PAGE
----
It’s health resolution time, which for many people means storming Google with questions about getting and staying fit. A lot of the answers that bubble up to the top of the search results tend to center around losing weight.
Assessing our body weight is one way we can gain a quantitative insight into our general state of health and fitness; it tells us “how much” weight we’re carrying. But the better question to ask is, “what kind” of weight is it? Measuring and monitoring our body composition—the relative amount of fat versus fat-free mass—we have will ultimately provide us with more useful, qualitative information.
Fat is the substance almost everyone fears. However, body fat is necessary for the body to function. It provides the body with a mechanism for storing energy; it protects the internal organs and regulates body temperature, among other things.
Fat-free mass includes the weight of your skeletal muscle, organ, bone, connective tissue, and water content; essentially anything you've got that isn’t fat. There are numerous benefits to maintaining a lean (but healthy) ratio of fat to fat-free mass (F: FFM).
A healthy F:FFM ratio supports a stronger metabolism.
Lean body mass is associated with your basal metabolic rate (BMR), the number of calories your body requires to maintain its vital functions while at rest. Muscles, even at rest, require energy in the form of calories; fat cells do not. The greater the amount of lean muscle you carry, the more calories you burn throughout the day which decreases the likelihood of any excess fat accumulation.
A healthy F:FFM ratio supports better blood sugar control.
Carrying more muscle will improve your insulin sensitivity. Insulin sensitivity is a term used to describe people who require lower levels of insulin to process glucose (blood sugar). People with less muscle mass tend to be less insulin sensitive, which means they will need to manufacture more insulin in order to effectively process glucose. High insulin levels can contribute not only to poor body composition and decreased athletic performance, but to early aging and the onset of chronic disease.
A healthy F:FFM ratio supports a faster, more complete recovery from an illness or injury.
Illness, injury and intense training will all increase the body’s need for protein to heal and adapt. Often, these protein needs are far beyond what we can realistically get from food. The breakdown of muscle occurs to meet this increased protein requirement. So, athletes who carry less muscle mass to begin with will have even more difficulty satisfying the minimum energy demands of the body—let alone making the positive gains that are essential for the increased muscle growth that is directly linked to improved health and fitness.
A healthy F:FFM ratio supports stronger, healthier bones
More muscle equals better bones, especially as we age. Not only does muscle contraction create a force that stimulates healthy bone remodeling, research has shown a positive correlation between muscle size and bone density and strength.
Improving your body composition is a worthwhile—but not instantaneous—endeavor. Seeing some tangible results will require at least a few months. Implementing these three simple strategies can help speed the process along:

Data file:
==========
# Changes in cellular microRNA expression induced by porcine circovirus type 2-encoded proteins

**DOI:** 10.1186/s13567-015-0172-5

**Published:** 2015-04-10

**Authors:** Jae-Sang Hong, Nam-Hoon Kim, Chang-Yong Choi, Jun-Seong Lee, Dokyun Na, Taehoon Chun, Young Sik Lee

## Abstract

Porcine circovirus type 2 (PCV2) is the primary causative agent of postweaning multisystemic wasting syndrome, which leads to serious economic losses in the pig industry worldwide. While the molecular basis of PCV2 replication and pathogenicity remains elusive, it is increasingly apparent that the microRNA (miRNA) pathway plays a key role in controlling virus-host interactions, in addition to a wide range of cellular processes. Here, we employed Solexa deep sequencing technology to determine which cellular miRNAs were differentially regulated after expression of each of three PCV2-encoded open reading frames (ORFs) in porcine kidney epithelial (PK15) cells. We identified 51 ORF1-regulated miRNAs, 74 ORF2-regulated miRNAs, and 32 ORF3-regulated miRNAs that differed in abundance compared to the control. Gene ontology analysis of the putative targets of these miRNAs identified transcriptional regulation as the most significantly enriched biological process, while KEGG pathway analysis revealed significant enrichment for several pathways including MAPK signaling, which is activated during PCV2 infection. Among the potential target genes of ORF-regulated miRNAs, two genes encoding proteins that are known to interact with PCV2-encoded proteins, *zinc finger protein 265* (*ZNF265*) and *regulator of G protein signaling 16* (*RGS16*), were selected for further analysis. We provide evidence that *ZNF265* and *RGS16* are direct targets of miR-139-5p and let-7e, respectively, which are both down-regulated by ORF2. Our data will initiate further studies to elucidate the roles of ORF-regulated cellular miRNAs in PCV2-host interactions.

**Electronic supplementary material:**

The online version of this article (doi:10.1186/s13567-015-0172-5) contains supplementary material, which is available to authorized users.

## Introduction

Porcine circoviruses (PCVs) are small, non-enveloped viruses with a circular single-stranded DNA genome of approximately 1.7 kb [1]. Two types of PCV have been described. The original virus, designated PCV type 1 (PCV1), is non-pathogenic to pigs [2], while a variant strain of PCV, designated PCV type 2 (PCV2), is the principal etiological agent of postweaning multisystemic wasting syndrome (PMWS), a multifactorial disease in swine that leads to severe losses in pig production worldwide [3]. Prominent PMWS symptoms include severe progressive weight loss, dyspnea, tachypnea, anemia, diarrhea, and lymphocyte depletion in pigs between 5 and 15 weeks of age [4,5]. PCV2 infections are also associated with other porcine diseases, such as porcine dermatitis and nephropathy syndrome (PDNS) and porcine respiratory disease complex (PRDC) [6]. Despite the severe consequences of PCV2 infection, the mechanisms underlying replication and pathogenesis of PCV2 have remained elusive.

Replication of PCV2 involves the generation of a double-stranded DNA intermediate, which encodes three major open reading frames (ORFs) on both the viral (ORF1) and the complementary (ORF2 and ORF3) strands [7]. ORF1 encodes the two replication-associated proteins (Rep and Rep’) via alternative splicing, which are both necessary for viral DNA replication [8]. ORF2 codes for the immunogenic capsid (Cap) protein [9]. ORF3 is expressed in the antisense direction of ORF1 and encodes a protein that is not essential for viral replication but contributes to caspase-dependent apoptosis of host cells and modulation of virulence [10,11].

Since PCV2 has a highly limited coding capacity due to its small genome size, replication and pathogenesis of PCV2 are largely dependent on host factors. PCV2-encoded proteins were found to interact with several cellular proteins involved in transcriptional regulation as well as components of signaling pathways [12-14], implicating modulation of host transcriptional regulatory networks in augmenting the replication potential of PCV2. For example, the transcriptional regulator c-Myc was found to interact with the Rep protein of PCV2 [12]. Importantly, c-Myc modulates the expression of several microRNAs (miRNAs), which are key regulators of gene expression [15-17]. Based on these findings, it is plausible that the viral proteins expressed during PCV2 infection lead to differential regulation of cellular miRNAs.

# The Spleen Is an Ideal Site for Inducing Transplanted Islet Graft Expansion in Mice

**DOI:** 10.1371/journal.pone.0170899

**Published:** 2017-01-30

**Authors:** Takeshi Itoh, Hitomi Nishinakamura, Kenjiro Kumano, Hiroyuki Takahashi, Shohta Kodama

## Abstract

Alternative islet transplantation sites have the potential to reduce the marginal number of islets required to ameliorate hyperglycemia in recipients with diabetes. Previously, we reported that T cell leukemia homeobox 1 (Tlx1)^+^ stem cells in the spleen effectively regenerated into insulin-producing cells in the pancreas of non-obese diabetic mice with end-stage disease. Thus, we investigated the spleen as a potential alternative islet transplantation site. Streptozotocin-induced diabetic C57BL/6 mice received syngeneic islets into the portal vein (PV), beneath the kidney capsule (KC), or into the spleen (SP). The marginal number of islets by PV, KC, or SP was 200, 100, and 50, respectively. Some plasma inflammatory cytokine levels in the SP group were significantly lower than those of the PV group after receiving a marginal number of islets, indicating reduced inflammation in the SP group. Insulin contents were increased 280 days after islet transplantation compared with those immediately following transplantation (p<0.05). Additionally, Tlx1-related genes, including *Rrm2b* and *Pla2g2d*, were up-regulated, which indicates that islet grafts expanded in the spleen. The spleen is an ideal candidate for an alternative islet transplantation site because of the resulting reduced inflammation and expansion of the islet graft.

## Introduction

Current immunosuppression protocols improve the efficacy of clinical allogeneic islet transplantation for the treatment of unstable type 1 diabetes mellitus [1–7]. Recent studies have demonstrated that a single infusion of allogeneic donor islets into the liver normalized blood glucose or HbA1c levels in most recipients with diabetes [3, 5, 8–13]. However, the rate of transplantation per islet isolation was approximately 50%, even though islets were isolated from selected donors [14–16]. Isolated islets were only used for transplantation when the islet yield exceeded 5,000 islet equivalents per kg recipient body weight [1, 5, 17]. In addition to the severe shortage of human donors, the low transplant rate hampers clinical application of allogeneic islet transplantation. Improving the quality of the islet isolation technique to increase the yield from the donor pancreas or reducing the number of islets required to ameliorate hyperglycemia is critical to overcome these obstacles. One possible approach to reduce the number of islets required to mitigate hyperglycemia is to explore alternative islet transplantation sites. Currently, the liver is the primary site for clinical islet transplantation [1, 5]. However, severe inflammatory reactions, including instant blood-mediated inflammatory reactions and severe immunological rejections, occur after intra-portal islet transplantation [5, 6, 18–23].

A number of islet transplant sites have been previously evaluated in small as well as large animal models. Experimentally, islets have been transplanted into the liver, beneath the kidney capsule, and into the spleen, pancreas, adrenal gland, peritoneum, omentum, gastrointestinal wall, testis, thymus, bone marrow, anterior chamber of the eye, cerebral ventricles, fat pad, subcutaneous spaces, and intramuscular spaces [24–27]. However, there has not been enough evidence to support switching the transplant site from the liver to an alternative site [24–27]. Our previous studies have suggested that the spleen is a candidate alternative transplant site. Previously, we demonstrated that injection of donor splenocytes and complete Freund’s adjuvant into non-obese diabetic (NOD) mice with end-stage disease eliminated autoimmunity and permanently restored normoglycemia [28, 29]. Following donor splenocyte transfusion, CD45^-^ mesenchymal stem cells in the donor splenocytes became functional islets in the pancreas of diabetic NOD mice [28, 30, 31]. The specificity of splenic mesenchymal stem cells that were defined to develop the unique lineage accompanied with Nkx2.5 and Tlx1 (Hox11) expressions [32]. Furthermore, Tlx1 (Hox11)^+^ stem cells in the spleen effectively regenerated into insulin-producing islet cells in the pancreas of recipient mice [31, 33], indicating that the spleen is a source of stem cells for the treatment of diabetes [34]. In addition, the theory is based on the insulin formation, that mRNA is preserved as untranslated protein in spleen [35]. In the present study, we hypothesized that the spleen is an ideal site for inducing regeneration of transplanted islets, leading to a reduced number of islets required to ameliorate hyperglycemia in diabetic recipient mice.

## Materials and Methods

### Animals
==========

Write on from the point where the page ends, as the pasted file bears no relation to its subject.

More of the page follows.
1. Improve your body’s metabolic flexibility. Metabolic flexibility is the capacity to match fuel oxidation to fuel availability—or switch between burning carbohydrates and burning fat. Someone with great metabolic flexibility can burn carbs when they eat them. They can burn fat when they eat it (or when they don’t eat at all). And they can switch between carbohydrate metabolism and fat metabolism with relative ease, depending on their body’s most immediate needs. If you know someone who can “eat whatever the heck they want, then he or she most likely has excellent metabolic flexibility. The first step to becoming metabolically flexible is to become fat adapted, gradually transitioning your body’s engine toward burning fat (instead of carbohydrates) as its preferred fuel source.
2. Eat fermented foods. Eating live cultures will restore and balance the levels of healthy bacteria that drive and determine how the body metabolizes and uses the macronutrients—carbohydrates, fats, and proteins—we eat. You can read more about the benefits of eating ferments in one of my previous posts here.
3. Sleep. According to research, one of every three adults gets less than six hours of sleep a night. Unfortunately, in today’s world, the notion of getting a full night’s sleep seems to fall somewhere between an unattainable luxury and an unfortunate biological handicap that gets in the way of you being able to get things done. But if you care about your health and you’re working to change your body composition, ignoring your body’s natural need for sleep could be seriously limiting your health, performance, and recovery.
Keep in mind that changing your body composition isn't a singular goal, it’s two: (1) Increasing your lean body mass (by increasing skeletal muscle) and (2) reducing your fat mass.
Both will lead to a positive change in your body composition. And both are affected by sleep, which can increase the amount of anabolic or muscle-building growth hormone your body has available to work with.
Although it might require a 180 degree shift in thinking, consider putting your bathroom scale back in the closet and prioritize getting a solid eight hours (or more) of sleep.
That's all for now. Happy holidays!
About the author
Jackie Cruickshank Cohen is an NBHWC Board Certified Health and WellnessCoach, True Cellular Detox Certified Practitioner, author, and elite master’s athlete.